Letter to the Editor in April 2003 Energy User News by Joel M. Levin, Ph.D.
If I were to offer to sell secure bonds for $100,000 with the assurance that they would yield an annual return of $25,000 per year for the next ten years, I would need a security team to maintain order in the line of frantic buyers, given the current economic climate.
However, if I were to offer the CFO or CEO of most organizations the opportunity to invest $100,000 to reduce annual energy costs by $25,000 per year for the next ten years, most of them would say, “Thank you very much. We will take this under consideration.” But the project would never see the light of day.
Perhaps there is an intrinsic character flaw that American decision-makers call a blind spot. Or, perhaps it is insufficiently manly to be concerned about reducing energy consumption. Or, perhaps ……the list goes on.
Let me cite some examples that I have recently observed:
The president and CFO of a university, who would have leaped at the opportunity to find bonds yielding 5% of their shrinking endowment fund, chose to “postpone” an energy conservation project, which offered a four-year payback because their budget was too tight.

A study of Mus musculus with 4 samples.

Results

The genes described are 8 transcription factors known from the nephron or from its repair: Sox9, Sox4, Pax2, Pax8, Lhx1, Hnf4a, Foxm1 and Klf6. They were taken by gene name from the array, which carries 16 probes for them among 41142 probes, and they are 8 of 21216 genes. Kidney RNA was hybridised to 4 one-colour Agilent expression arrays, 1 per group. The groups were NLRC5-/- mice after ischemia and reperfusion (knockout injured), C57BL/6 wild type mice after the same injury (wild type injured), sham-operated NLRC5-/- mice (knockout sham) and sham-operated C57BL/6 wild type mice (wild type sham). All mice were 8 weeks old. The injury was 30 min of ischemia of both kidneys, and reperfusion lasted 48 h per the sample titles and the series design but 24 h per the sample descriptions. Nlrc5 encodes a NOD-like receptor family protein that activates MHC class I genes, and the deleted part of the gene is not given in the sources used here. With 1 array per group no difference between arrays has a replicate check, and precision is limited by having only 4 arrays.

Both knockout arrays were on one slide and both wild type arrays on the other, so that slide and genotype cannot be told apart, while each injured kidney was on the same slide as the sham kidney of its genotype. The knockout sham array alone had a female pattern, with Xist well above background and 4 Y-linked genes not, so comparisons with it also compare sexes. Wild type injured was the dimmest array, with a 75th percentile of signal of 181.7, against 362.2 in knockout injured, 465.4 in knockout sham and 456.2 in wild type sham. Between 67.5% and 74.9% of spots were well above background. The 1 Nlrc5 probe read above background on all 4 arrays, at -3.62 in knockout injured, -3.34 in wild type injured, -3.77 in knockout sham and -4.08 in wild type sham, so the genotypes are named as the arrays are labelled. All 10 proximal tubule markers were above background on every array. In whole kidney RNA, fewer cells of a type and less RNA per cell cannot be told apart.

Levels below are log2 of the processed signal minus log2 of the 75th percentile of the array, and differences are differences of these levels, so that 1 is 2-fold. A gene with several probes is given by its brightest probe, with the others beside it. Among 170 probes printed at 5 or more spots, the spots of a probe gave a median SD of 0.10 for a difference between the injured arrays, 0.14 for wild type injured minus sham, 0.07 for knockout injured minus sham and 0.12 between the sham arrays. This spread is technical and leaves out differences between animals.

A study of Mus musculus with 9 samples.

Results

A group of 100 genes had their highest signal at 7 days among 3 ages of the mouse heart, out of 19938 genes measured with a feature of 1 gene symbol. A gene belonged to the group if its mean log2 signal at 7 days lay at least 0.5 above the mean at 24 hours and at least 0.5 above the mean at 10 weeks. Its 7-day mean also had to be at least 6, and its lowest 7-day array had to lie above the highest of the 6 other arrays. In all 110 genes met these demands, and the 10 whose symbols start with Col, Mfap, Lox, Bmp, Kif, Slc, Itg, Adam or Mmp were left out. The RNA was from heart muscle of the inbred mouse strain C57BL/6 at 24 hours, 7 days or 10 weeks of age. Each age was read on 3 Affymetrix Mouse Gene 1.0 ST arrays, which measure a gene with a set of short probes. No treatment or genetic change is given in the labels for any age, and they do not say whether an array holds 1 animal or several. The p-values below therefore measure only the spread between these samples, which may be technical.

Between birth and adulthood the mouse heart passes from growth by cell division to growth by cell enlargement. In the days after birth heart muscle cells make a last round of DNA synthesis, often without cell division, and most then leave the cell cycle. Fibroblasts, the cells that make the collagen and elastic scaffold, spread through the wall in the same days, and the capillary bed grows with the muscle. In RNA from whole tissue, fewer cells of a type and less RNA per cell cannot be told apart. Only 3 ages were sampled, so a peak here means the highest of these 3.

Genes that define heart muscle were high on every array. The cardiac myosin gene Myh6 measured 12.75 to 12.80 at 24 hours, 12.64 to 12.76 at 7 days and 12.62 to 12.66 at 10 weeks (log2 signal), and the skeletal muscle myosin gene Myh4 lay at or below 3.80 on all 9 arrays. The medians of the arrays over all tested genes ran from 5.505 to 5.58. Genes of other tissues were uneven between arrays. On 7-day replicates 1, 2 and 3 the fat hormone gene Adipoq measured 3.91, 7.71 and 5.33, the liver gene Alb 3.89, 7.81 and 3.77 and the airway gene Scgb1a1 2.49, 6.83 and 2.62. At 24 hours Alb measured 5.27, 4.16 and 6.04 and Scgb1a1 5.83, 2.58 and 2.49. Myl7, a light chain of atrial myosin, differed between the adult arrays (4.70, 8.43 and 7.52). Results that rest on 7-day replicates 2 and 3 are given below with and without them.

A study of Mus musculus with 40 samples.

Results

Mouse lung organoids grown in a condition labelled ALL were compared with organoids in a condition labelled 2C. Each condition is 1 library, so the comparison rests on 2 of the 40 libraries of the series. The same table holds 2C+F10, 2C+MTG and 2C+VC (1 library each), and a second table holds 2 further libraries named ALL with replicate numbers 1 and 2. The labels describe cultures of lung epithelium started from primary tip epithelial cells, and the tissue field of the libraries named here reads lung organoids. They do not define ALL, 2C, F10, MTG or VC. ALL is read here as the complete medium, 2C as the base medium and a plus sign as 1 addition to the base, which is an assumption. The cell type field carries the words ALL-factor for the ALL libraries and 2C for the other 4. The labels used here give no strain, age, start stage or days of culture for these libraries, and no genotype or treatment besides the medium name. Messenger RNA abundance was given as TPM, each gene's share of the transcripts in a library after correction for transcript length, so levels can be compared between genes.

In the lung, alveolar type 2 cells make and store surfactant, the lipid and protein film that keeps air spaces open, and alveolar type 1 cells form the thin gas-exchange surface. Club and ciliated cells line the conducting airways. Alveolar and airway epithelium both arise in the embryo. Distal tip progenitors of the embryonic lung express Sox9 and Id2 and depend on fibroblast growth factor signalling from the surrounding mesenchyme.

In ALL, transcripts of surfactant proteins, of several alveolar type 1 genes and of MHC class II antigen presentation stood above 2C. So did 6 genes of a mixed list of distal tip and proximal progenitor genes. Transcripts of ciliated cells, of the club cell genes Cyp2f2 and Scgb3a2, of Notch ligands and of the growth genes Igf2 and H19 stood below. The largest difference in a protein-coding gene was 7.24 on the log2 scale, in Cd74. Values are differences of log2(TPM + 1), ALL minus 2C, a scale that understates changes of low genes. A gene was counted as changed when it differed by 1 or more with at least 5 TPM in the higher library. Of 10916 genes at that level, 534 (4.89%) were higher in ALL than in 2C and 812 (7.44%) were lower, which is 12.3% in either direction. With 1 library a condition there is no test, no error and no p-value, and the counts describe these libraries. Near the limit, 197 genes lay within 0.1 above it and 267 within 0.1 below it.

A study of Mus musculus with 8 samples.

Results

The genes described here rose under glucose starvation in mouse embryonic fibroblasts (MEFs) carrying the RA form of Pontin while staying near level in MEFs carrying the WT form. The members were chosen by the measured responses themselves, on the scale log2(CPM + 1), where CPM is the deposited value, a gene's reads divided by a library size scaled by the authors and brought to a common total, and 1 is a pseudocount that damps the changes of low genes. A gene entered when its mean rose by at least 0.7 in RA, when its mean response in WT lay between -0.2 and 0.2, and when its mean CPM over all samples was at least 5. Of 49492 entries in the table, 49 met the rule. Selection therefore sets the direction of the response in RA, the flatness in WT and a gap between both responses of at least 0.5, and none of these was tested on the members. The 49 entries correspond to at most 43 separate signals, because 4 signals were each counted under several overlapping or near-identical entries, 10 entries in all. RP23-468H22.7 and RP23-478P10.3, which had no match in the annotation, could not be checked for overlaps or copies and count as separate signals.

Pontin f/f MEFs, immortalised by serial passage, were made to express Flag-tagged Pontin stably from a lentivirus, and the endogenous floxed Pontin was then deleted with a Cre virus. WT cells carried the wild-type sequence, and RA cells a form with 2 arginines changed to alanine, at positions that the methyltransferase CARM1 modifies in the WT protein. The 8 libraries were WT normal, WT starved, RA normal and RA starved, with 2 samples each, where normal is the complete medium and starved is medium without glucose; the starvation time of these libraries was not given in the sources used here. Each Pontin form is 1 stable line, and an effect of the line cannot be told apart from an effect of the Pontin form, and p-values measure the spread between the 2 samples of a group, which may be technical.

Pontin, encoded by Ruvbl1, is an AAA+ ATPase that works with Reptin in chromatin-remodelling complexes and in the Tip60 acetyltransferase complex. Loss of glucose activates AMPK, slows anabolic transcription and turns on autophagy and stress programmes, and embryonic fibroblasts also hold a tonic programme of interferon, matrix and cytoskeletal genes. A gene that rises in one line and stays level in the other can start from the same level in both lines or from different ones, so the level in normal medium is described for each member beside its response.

A major U.S. corporation was presented with a proposal to reduce its energy consumption at a major facility by $250,000 per year with a payback period of 3.8 years; they are considering performing some deferred maintenance instead.
A major hospital specified that energy conservation projects would not be considered unless the simple payback was less than 3 years.
In a desperate effort to explain this bizarre behavior by otherwise solid, respected corporate citizens, I have developed the following hypothesis. There are two kinds of money: green and purple. Real investment decisions are made with green money. Professional managers carefully calculate of rates of return and establish priorities for projects involving green money. However there is also purple money, and energy bills are paid with purple money. Saving purple money is not important because purple money does not impact profit and loss statements. Evidently, expenditures to achieve energy cost reduction require green money for implementation, but the money saved is only purple money. Therefore, the savings don’t count. Consequently, the implementation cost of energy conservation projects is viewed as an expense (to be avoided) rather than as an investment (to be embraced).
This theory would explain the apparently irrational behavior that governs decision-making for energy-efficiency investment in our country.